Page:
HOT Lanes on Va. Beltway to Be Assessed
The National Capital Region Transportation Planning Board voted yesterday to evaluate proposed high-occupancy toll, or HOT, lanes on the Capital Beltway to see how they would affect the region's air quality, a necessary step for the project.
Virginia officials are considering a private proposal to build four toll lanes on the Beltway between the Springfield interchange and Georgetown Pike. They would be the first new lanes on the Virginia side of the highway since the 1970s. The lanes would be free for vehicles with at least two people; vehicles with one occupant could use them for a fee.
The vote marked the first time the board had considered HOT lanes. The panel will vote in the fall on whether to include the HOT lane project in the region's long-range plan, the board's final step.
Ex-Aide to Mondale to Lead UDC Board
James W. Dyke Jr., a lawyer and former Virginia secretary of education, was elected chairman of the University of the District of Columbia's Board of Trustees. He will lead the board beginning with its June meeting, replacing Charles J. Ogletree Jr.
Dyke, a member of the State Council of Higher Education for Virginia, was domestic policy adviser to former vice president Walter F. Mondale (D) and White House liaison to the District during the Carter administration.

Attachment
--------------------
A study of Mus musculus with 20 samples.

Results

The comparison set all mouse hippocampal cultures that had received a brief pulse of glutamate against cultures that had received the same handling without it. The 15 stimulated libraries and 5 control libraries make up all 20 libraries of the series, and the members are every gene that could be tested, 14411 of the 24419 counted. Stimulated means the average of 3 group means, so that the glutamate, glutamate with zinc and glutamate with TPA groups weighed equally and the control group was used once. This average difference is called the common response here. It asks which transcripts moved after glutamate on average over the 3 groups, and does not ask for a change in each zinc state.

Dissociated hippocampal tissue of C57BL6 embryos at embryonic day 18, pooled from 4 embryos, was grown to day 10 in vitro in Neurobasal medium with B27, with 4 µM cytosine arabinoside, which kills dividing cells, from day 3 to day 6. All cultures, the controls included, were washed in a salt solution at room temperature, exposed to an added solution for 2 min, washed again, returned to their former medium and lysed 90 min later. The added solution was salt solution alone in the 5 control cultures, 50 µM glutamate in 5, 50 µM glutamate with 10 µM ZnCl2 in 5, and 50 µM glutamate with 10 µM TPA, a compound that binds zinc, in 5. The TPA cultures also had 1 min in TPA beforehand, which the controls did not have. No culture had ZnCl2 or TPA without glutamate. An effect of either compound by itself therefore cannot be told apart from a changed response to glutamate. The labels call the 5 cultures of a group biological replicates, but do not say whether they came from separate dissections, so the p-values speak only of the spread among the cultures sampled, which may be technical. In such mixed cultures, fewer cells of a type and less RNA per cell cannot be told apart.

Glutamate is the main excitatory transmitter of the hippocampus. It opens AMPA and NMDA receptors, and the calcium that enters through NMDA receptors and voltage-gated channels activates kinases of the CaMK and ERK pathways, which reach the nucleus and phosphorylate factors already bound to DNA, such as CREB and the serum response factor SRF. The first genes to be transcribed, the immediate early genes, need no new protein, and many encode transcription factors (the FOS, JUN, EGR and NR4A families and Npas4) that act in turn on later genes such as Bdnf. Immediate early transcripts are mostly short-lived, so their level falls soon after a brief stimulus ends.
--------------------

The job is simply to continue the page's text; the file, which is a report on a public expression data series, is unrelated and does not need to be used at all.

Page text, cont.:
Funds Available to Developers, Nonprofits
The District is inviting developers and nonprofit groups to apply for $35 million in funding to subsidize projects that involve housing for the poor, disabled and elderly, and community facilities serving low- to moderate-income households.
A request for proposals was released last week and is available from the D.C. Department of Housing and Community Development, 801 North Capitol St. NE. The deadline for submissions is June 3.
More information on funding opportunities and the application process will be available at a pre-proposal conference at 9:30 a.m. today at the D.C. Housing Finance Agency, 815 Florida Ave. NW.
'Fatal Vision' Doctor's Parole Hearing Set
Former Army doctor Jeffrey R. MacDonald, convicted 26 years ago of the stabbing deaths of his pregnant wife and two daughters, has a parole hearing scheduled for May 10, according to the U.S. Parole Commission.
The hearing will be held on or near that date at the federal prison near Cumberland, Md., where MacDonald is incarcerated, a commission spokesman said. A decision would probably come three to four weeks later, he said.
The hearing will be closed to the public and news media, said MacDonald's wife, Kathryn, owner of a children's drama school in Laurel. MacDonald, 61, is serving three life sentences for the murders in February 1970 at the family's apartment at Fort Bragg, N.C. He has always maintained his innocence in the slayings of his wife, Colette, 26, and daughters Kimberley, 6, and Kristen, 2.